New Geriatrics Research Shows the Feasibility & the Promise of Care Based on Patient Priorities
Older people often have multiple health conditions requiring medical attention. As a result, they often must juggle complex medication schedules, doctors’ appointments and diagnostic tests—all of which can lead to fragmented and burdensome care that does not focus on what matters most to them.
Over the past five years, researchers from NYU School of Medicine, along with a national group of researchers, clinicians, policymakers, payers, patients, caregivers, and healthcare system representatives designed and piloted Patient Priorities Care (PPC). PPC is a new approach to healthcare which helps patients and clinicians focus decision-making on patients’ health priorities, defined as both their health outcome goals—what they want from their healthcare, and their healthcare preferences—the healthcare activities they are able and willing to do.
A new feasibility study published online in the Journal of the American Geriatrics Society (JAGS), describes a pilot study that took place at a primary care and cardiology practice in central Connecticut. In the study, a trained member of the healthcare team elicited detailed health priorities from 119 study participants. These priorities were entered into the electronic health record accessible to patient primary care providers, and transmitted to their cardiologists, to ensure that all care was aligned with patient priorities. Care providers also worked closely with the researchers to embed these patient priorities into clinical workflow.
“Healthcare providers often focus on a particular medical condition and, as a result, lose focus on what is most important to a patient,” said Caroline S. Blaum, MD, the Diane and Arthur Belfer Professor of Geriatric Medicine and director of the Division of Geriatric Medicine and Palliative Care. “Patient Priorities Care aligns clinical decision-making with patient priorities, offering promise of better health outcomes and greater patient satisfaction.”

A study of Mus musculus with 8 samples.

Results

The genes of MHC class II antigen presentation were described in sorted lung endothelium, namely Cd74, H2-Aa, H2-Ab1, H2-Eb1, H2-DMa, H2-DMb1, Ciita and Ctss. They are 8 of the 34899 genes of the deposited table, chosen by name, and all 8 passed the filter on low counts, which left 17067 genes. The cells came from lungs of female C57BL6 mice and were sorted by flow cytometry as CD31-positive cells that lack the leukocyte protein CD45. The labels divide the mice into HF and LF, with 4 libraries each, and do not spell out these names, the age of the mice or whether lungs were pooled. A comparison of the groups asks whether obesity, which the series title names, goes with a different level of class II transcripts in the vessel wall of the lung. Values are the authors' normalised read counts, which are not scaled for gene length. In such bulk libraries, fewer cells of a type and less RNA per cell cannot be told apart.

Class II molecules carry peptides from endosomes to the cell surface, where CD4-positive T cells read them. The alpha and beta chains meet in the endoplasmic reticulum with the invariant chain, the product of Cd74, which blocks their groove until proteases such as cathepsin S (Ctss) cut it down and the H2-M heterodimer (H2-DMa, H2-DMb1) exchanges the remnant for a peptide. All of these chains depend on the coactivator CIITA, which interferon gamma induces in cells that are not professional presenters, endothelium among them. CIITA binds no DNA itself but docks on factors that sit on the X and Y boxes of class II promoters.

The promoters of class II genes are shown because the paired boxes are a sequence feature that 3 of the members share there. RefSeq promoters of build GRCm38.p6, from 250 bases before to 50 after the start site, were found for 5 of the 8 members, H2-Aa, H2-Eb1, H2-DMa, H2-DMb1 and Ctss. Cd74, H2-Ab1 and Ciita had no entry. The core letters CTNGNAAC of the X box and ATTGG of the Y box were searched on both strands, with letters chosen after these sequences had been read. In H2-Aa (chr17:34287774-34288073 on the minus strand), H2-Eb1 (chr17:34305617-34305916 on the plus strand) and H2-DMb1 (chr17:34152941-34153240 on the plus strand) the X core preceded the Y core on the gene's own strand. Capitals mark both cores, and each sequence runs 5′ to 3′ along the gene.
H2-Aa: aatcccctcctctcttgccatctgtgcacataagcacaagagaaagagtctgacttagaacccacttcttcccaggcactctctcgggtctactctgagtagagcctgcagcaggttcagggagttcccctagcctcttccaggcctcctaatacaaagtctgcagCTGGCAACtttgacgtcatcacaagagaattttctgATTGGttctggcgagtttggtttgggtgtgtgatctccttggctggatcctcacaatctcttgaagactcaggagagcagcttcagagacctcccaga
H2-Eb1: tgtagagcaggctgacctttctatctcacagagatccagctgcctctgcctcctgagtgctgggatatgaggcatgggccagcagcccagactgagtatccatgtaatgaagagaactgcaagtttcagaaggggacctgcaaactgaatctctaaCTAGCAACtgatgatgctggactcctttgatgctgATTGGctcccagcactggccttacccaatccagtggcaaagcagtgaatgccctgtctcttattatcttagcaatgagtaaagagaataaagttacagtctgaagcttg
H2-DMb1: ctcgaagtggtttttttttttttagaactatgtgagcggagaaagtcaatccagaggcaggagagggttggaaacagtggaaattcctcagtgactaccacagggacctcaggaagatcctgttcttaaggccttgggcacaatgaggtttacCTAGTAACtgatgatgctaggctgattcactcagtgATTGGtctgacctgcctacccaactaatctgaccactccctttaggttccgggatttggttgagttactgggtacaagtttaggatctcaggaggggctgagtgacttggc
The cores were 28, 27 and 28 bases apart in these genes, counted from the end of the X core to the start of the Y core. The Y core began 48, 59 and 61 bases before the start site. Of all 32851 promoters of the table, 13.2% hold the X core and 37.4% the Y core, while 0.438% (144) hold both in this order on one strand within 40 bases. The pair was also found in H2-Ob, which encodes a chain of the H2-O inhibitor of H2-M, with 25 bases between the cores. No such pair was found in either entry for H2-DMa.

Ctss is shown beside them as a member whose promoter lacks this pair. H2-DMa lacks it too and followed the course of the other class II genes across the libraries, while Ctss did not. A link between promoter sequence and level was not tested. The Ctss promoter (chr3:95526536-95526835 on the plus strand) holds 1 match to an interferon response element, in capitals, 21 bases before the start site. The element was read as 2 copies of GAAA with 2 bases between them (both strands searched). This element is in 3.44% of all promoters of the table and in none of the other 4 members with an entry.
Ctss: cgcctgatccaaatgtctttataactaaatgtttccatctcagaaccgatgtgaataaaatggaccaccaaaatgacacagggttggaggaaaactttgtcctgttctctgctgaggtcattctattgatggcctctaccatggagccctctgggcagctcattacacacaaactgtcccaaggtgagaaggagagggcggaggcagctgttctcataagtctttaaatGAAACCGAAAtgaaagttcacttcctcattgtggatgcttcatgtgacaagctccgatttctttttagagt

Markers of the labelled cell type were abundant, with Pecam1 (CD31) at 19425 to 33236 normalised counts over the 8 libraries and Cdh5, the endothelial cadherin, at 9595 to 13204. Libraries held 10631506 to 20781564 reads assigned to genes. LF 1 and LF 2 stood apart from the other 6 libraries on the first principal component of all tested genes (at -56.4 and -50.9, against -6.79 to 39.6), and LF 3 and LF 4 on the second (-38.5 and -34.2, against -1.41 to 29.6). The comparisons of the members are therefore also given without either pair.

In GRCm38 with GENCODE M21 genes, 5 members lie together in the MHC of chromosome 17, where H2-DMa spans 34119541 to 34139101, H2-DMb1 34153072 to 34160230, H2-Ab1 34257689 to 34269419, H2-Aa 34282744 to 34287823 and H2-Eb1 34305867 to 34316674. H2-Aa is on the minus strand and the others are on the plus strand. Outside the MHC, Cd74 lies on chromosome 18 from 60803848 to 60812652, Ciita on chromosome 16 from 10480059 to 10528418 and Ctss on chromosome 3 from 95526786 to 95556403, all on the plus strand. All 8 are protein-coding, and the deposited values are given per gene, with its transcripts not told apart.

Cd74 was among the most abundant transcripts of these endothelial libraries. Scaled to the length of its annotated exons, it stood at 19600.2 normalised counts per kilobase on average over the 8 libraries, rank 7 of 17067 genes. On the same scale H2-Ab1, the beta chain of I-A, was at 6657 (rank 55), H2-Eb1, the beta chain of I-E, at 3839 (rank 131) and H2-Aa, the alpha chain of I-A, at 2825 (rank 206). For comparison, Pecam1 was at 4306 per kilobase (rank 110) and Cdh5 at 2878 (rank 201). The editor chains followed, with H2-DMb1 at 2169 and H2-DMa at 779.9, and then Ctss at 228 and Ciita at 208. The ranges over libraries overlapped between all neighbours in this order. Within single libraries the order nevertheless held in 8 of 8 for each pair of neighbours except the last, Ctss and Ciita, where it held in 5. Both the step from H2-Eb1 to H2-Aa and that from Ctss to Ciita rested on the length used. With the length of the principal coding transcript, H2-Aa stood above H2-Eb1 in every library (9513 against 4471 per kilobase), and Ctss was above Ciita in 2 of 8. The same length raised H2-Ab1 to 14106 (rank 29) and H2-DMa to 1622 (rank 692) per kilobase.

Findings demonstrate that patients and clinicians can participate in current care planning about clinical decision-making based on patients’ priorities in routine clinical care. More research is needed in different settings, and to more effectively measure the impact of PPC on the care and health of adults with multiple conditions.
An editorial written by the editors of JAGS, published alongside Dr. Blaum’s article and companion article by Dr. Aanand Naik of Baylor College of Medicine, which details the priorities elicitation process, states that PPC offers a “revolutionary change” in healthcare design and delivery, which is truly person-centered.
Dr. Blaum and her research colleagues from Yale School of Medicine and Baylor College of Medicine have developed workflows and tools tested in this study that can be adopted by other health teams. These tools and other resources for patients, clinicians, caregivers, and health systems are available at patientprioritiescare.org.
Funding support for this research was provided by the John A. Hartford Foundation, the Patient-Centered Outcomes Research Institute (PCORI), the Gordon and Betty Moore Foundation, and the Robert Wood Johnson Foundation.